Tributes are being paid to the 38 people, including at least 15 Britons, killed in Tunisia in an attack near Sousse.

Tunisian student Seifeddine Rezgui, 23, who had links with Islamic State, opened fire on holidaymakers at midday on Friday. He then entered at least one of the hotel lobbies, where grenades were also detonated.

Among the victims of dead were three Irish citizens, one Belgian and a German, who were shot as the lone gunman opened fire at holidaymakers as they sunbathed on the beach near the Imperial Marhaba and Bellevue hotels.

The deaths of Sue Davey and her partner Scott Chalkley, both in their 40s, were confirmed by Ross Chalkley on Twitter.

Many other families are still waiting anxiously for news of their loved ones. Tour companies have been evacuating thousands of foreign holidaymakers from Tunisia a day after the attack.

More than 1,000 British tourists have already returned to the UK, while others are due to fly home today.

The Foreign Office said the death toll is expected to rise and that it will take time to identify all the victims.

Home Secretary Theresa May is currently chairing an emergency Cobra meeting to focus on the Tunisia attacks.

British Prime Minister David Cameron called Friday attacks as "cruel and barbaric." In a statement released on Facebook he said: "These terrorists murdered them because the terrorists oppose people and countries who stand for peace, tolerance and democracy wherever they are in the world. But these terrorists will not succeed."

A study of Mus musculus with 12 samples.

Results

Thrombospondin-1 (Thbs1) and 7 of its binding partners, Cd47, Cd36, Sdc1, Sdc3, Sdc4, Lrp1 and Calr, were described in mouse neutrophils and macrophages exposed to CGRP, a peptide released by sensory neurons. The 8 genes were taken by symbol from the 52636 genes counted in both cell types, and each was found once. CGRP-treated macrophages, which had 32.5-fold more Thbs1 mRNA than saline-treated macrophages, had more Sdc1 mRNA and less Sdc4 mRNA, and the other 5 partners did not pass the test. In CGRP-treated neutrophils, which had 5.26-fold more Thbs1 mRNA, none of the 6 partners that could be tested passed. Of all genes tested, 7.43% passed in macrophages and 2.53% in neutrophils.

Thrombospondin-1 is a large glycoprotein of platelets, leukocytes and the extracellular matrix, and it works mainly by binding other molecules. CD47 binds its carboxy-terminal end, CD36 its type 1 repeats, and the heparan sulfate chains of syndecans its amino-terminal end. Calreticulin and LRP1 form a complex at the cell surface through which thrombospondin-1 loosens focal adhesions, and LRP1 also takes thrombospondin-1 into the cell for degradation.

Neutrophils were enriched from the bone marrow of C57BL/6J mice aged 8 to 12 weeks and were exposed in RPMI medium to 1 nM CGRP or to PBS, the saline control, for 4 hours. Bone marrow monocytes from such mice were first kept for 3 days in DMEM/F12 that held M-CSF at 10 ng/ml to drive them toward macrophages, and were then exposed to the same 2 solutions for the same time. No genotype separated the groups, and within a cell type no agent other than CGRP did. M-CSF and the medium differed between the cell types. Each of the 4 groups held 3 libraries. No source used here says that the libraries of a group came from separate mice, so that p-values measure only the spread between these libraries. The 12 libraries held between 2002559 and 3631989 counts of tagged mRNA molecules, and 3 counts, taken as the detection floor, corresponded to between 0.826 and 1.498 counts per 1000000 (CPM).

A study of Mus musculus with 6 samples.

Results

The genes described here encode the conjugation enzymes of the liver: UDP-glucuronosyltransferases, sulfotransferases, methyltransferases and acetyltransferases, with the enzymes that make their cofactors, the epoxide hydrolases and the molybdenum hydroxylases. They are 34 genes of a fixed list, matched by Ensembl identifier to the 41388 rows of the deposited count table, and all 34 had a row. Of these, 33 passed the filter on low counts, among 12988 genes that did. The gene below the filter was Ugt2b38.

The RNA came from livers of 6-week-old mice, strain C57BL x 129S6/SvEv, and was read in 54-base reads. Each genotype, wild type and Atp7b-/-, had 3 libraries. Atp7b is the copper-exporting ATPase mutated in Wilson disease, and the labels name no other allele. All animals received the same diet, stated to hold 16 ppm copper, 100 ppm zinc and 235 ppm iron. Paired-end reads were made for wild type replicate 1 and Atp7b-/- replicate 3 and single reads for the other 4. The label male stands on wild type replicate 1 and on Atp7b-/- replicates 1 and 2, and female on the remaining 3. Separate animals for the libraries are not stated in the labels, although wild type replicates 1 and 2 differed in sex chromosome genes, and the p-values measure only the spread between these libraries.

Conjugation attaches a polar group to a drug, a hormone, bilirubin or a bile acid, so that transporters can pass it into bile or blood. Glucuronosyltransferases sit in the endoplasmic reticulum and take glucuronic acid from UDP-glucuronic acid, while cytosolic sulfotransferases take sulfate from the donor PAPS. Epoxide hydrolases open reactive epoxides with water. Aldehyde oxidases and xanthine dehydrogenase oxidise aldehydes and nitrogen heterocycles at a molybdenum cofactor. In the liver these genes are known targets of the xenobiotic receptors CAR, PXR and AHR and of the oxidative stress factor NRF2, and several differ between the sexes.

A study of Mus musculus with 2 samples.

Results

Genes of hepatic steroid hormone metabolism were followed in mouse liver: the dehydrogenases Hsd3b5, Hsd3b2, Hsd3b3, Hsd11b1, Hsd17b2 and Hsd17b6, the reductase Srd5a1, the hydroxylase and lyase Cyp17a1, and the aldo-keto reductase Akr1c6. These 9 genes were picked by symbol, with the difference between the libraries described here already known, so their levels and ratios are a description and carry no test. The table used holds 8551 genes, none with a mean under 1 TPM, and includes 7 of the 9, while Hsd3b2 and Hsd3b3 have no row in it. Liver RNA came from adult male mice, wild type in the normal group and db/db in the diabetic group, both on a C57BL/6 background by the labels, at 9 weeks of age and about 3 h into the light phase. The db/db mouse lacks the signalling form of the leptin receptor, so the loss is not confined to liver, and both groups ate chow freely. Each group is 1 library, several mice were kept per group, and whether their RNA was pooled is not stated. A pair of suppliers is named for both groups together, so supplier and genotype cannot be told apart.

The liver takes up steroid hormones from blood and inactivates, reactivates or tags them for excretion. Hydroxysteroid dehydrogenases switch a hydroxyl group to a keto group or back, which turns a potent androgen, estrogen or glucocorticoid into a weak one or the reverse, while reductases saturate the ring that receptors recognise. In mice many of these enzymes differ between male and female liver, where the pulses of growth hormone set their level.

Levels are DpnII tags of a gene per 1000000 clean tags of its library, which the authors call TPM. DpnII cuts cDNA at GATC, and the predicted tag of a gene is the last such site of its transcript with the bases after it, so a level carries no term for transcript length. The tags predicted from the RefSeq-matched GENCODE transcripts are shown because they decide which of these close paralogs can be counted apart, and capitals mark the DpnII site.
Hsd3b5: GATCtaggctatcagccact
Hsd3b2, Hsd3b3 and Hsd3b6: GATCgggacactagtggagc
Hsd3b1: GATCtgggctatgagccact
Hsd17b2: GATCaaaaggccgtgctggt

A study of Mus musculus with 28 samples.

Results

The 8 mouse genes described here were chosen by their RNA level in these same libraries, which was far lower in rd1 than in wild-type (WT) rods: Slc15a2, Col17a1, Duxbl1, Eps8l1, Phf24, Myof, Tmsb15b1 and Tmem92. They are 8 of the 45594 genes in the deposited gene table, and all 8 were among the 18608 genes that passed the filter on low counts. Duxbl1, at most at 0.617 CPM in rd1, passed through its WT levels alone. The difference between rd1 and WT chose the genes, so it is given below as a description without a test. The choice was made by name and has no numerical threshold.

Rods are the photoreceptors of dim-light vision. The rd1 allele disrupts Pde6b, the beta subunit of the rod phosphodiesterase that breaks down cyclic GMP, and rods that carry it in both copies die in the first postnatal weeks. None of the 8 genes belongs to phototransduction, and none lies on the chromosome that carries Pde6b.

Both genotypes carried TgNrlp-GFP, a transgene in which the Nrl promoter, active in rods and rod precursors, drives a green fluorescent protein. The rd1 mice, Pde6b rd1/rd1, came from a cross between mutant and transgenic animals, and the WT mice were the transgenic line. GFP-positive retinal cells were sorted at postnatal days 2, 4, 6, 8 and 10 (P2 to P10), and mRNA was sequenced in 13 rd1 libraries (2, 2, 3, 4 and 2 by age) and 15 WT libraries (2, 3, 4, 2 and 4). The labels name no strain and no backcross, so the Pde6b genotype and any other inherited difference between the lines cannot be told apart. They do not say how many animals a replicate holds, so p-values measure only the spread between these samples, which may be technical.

Many took to Twitter to express their shock at what happened on Friday and paid their respects to those who died on Friday.

President Pranab Mukherjee of India said: "My thoughts & prayers are with families of Tunisians & tourists who lost their lives in heinous terrorist attack.

"India stands by people of Tunisia in this difficult hour; we reaffirm our commitment to global efforts against terrorism."

Chuka Umunna, Labour MP for Streatham said: "As one watches reports from Tunisia, one can't imagine what the victims' families are going through. Thoughts & prayers are very much with them."

Nicola Sturgeon, the First Minister of Scotland and leader of the Scottish National Party said: "All my thoughts today are with those killed, injured or bereaved in the horrific attack in #Tunisia @scotgov in contact with @foreignoffice."

Massacre survivor John Yeoman who barricaded himself in his hotel room, tweeted about his relief at being back home in the UK.

He wrote: "After a long day and a bottle of red wine to numb the experiences of the 34 hours, I'm ready for bed and a cuddle with my wife. Night all."